FOUR THINGS YOUR AGENT CAN DO FOR YOU
If you hope to sell your book to a large mainstream press for a hefty advance (or even a not-so-hefty advance) it’s almost impossible to do this without an agent. Agents not only wield a lot of power, but they’re also the only people who are 100% squarely in the writer’s corner.
Don’t get me wrong. Most editors are lovely people who were drawn into this line of work because they’re passionate about books. But the editor works for the publishing house, and that will always be where her first loyalty lies. An editor might honestly adore your book, but if she can acquire the manuscript for $10,000 there is absolutely no incentive for her to offer you $20,000. The agent, in contrast, gets a percentage of whatever you earn, so he has every incentive to try and get you more. Plus, in this topsy-turvy environment, in which houses are constantly merging or folding and even the most seasoned editors fear for their jobs, the odds are that your longest lasting relationship will be with your agent. Writers and agents tend to bond for the long haul.
Finding and signing with an agent is the first major decision you’ll make in the publishing process, and it can trigger huge, shuddering, junior-high-sized waves of anxiety. Most writers desperately want to be able to say they have an agent. Not only is it a clear step on the path to publication, but having an agent is often seen as a stamp of legitimacy, a distinction that separates the pretenders from the contenders.
But don’t let your eagerness lead you to the wrong agent. Because having the wrong agent is like having the wrong spouse – much worse than being on your own. Your goal should not simply be to find an agent but to find the right agent for you. When you consider all the roles that agents play, it’s clear why choosing the right one from the start can save you bucketloads of problems down the road.
What Do Agents Do?
The primary function of an agent is to present your book to an editor he thinks might buy it. Your agent’s ability to successfully do this depends on three things: A) His understanding of your book and where it belongs in terms of a publisher, B) his knowledge about what editors are currently in the market to buy and what they’re looking for, and C) his general salesmanship, i.e., his ability to create excitement or buzz about your book.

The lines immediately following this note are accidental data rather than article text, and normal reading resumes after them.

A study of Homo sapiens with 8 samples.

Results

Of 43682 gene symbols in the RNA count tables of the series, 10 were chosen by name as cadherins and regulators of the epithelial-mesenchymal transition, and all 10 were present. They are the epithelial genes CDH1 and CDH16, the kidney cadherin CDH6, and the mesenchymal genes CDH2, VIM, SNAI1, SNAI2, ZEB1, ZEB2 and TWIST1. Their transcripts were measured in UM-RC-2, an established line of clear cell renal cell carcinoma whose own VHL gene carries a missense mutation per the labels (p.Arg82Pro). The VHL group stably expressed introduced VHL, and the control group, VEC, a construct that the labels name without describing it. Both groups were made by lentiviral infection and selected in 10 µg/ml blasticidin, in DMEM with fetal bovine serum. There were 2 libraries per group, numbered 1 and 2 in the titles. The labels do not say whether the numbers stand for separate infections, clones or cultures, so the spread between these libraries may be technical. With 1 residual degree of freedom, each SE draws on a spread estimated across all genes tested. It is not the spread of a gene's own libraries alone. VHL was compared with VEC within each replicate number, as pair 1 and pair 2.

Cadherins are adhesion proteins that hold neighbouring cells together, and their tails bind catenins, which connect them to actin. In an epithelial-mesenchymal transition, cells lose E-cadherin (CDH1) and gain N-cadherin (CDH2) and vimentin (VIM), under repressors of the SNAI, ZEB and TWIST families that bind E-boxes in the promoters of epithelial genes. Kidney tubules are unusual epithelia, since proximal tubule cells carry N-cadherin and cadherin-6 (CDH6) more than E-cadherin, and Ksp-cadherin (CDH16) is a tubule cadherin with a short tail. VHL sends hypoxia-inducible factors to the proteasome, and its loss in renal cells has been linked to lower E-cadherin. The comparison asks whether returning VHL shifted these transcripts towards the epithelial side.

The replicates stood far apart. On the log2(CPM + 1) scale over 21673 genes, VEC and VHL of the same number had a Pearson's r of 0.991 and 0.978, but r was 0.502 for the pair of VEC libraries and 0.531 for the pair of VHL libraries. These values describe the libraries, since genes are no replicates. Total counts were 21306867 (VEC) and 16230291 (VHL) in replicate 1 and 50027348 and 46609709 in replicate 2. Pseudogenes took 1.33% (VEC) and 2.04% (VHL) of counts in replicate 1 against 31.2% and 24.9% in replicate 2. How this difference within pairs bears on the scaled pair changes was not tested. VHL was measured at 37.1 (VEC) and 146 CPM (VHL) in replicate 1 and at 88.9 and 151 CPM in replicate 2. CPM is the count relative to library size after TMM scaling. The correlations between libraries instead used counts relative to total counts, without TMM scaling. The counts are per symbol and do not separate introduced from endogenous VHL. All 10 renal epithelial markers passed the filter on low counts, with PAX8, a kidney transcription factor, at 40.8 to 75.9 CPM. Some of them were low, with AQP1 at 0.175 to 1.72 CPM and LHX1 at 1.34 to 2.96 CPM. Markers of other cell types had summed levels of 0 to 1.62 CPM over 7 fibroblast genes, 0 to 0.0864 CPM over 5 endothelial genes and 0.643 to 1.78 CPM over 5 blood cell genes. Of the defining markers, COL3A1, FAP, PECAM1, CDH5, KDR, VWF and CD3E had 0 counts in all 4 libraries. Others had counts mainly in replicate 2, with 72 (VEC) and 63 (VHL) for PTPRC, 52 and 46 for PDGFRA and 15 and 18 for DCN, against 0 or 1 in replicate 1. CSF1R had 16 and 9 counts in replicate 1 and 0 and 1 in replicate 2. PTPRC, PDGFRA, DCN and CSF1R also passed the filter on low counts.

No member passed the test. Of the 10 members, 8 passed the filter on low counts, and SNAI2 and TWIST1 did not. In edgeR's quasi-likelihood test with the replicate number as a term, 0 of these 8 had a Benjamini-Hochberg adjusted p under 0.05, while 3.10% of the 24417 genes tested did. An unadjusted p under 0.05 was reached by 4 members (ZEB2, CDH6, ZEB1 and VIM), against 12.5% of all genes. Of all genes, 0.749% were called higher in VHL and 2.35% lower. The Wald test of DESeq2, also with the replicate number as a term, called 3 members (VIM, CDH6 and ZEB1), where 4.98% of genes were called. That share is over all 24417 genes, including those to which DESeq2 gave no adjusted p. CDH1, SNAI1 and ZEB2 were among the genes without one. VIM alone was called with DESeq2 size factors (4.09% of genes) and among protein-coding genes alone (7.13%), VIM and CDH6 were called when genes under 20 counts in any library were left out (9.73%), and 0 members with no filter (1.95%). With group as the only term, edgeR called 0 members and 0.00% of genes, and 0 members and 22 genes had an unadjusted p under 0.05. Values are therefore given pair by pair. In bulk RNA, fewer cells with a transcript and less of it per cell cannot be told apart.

Publishing has always been a complex business – you’re selling, after all, an intangible thing, an idea. This will never be the same as selling nuts and bolts, because an idea is worth precisely as much as people can convince each other it’s worth. Not to mention that we’re living in a time when, thanks to the advent of epublishing and the mergers of once-independent houses into large multimedia conglomerates, an already complex business is in a period of rapid change. Even the most savvy writer probably won’t know as much about the industry as an agent.
Even if you’re at a great house and you love your editor, there are going to be rough patches along the way. I;ve heard of writers who were unhappy with their deadlines, revisions, cover art, publicity budgets….pretty much anything you can imagine. But it’s never a good idea to call up your editor ranting and raving. After your fit of pique passes, you still have to work with this person.
Agents have to work with these editors again too, especially if they’re the sort of agents who sell over and over to the same houses. A smart agent won’t want to ruin his relationship with an editor so he will be politic in his complaints. But that agent doesn’t have to work with that editor again immediately, the next day, on matters as subtle and delicate as whether or not to kill off the heroine’s mother in chapter two. So most agents will man up and take the hit of complaining on behalf of their authors.
4. Agents edit.
Here is one of the lesser known facts of contemporary publishing: in many cases, the editor and agent switch roles.
Before I sold my book, I pictured an agent as a fast-talking guy in a suit, some combination of a carnival barker and a circa-1980s Gordon Gekko type, making deals while snorting lines of cocaine off a hooker’s chest – certainly no one you’d want to hang around with and the last person on earth you’d turn to for advice on how to improve your book. The editor – probably a thin, earnest young woman from a Seven Sisters school – would be the person who would go through the manuscript with you line by line, debating the placement of a comma or sharing long dreamy conversations about symbolism and syntax.
Boy was I wrong. As it turns out, at least in my case, my agent was the one who helped me edit the book, and my editor then took it pretty much intact. The new paradigm is that manuscripts, at least those by first-time writers, are arriving at their publishing houses in pristine condition, courtesy of a lot of preliminary work between the author and agent. So be prepared for the fact that your agent is not only a salesperson, legal advisor, advocate and buffer, but he may be your first editor as well.
Kim Wright is the author of the novel Love in Mid Air and a how-to guide for writers titled Your Path to Publication, from which this article was excerpted. You can order Your Path to Publication through Press 53 at http://www.press53.com/BioKimWright.html. Follow Kim on Twitter at @Kim_Wright_W.